MESSAGE IN THE MOVIES
Encanto opened in theaters around Thanksgiving last year at a time when most families chose to remain at home for pandemic-related reasons. When everyone finally caught up with this animated movie on Disney+, they discovered a delightful musical fantasy about a multigenerational family who spend a lot of their time living inside their house.
Granted, it is a special house with a name – Casita – and moving floorboards, shutters, a flight of stairs that turn into a slide, and a personality all its own. One character describes it as a place of wonder (Encanto). The house has doors that open up to magical worlds including a jungle, a cave, tunnels and a tower.
Inside the house live the Madrigal family from Columbia who were forced to flee their village fifty years ago during a time of violent oppression. Abuela Alma (María Cecilia Botero) loses her husband in their pilgrimage but saves her three children and a magic candle that not only brings their group of refugees to a safe place of sanctuary but provides the enchantment for their house (which bestows special powers to every member of the family and their offspring). The three generations of Madrigals share their blessings with the people in town. These gifts include superhuman strength, super hearing, healing through food, floral creations, shape-shifting and control of the weather.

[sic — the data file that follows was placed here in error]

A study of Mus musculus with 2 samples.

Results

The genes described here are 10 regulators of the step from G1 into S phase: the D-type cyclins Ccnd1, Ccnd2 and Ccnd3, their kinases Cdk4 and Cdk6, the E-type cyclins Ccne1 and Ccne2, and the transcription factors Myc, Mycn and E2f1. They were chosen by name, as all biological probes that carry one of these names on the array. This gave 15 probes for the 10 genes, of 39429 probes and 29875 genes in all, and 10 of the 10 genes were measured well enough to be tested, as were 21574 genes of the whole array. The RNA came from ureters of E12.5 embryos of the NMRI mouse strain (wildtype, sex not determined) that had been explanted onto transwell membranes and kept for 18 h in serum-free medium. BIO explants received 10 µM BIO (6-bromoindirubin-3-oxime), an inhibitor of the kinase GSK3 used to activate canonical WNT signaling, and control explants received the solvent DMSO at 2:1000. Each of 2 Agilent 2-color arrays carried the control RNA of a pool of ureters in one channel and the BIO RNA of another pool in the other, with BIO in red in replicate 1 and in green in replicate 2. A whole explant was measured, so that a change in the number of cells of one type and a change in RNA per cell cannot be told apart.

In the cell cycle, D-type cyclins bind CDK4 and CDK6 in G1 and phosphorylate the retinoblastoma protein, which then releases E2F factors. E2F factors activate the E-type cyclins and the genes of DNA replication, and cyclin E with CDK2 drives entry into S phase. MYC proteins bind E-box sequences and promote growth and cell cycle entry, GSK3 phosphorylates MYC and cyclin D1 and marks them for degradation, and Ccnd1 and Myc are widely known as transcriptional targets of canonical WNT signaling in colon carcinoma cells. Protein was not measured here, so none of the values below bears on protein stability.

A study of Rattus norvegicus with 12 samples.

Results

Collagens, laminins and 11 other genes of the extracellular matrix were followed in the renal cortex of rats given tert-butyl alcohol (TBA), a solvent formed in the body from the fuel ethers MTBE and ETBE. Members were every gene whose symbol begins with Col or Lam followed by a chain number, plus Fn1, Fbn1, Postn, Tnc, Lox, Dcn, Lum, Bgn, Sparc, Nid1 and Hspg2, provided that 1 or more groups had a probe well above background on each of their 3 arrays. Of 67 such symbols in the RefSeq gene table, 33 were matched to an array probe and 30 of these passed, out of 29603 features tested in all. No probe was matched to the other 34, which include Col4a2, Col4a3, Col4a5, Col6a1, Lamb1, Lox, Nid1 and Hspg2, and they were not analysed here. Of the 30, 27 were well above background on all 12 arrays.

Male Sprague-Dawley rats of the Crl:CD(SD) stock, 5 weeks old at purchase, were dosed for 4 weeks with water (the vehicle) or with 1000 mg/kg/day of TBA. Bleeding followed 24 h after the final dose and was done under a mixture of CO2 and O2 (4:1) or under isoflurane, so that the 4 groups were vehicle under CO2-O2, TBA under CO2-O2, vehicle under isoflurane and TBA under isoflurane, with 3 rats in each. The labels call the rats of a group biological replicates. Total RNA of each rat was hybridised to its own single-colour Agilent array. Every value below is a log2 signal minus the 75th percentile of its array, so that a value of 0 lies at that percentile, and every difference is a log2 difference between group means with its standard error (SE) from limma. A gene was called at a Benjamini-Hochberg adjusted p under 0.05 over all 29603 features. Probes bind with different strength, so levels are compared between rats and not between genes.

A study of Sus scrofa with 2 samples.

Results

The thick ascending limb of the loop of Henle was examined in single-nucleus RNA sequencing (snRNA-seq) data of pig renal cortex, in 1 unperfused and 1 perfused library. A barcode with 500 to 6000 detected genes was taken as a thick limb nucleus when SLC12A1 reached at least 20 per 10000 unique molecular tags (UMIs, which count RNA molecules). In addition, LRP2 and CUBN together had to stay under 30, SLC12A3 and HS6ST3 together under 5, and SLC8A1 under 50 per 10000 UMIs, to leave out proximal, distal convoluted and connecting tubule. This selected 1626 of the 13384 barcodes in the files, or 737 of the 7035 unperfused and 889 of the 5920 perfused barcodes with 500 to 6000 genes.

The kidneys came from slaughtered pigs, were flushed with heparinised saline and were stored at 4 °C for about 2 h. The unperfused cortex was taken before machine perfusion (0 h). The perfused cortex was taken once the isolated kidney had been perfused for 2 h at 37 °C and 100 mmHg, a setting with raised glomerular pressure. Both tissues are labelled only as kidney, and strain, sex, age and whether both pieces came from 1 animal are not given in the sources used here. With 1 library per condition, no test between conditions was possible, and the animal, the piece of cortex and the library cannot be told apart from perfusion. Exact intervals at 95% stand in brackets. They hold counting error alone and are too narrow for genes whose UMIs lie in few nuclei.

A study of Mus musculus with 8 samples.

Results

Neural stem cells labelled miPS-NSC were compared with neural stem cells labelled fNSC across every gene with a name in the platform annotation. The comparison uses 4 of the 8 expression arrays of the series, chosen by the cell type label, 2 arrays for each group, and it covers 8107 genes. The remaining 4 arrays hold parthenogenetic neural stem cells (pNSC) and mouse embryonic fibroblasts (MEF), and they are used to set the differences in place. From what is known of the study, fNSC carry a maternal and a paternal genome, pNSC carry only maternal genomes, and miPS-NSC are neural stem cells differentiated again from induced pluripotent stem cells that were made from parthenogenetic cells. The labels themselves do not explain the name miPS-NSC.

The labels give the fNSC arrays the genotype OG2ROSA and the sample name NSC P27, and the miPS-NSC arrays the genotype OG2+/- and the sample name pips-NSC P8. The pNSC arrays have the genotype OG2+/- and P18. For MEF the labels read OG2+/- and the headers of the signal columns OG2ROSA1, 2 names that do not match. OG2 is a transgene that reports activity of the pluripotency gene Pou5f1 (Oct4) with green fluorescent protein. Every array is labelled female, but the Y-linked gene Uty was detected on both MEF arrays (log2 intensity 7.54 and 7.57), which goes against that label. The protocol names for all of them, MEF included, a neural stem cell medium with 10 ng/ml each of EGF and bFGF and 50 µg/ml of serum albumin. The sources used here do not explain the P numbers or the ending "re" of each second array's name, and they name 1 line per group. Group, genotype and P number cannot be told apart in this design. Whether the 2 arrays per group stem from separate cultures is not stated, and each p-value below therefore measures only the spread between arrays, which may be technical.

But not young Mirabel (Stephanie Beatriz), whose rite of passage celebration revealed no special talent. This hasn’t stopped her from showing love for her little cousin Antonio (Ravi Cabot-Conyers) when it’s his turn to discover his gift. But no matter how hard she tries to get along with her mother and sisters, there is an underlying tension and awkwardness.
One day Mirabel receives a shocking vision of cracks appearing in the foundation of the house. When she shares this insight with her family, there is widespread disbelief and dismissal. As she attempts to learn more about this mystery, she goes on a journey of discovery through secret passages of the house which will lead her to a long-lost brother, and a gentle, symbolic death and resurrection for her family.
Only Disney could create a storyline that is both serious and slight, but that’s what makes Encanto a great family film. You can simply enjoy the colors, the costumes, and the positive celebration of the culture of Columbia (including coffee!) while dancing to the upbeat songs by Lin-Manuel Miranda. You can also discuss the topics of diversity, community, family, and church. We have Madrigals, too!
Just don’t talk about Bruno.
Halo and Pitchfork Rating:
Five halos: The joys of a community in which individual gifts are valued and everyone has an important part to play sure sounds like church to me.
One pitchfork: Implied loss and violence in flashback scenes; sibling rivalry.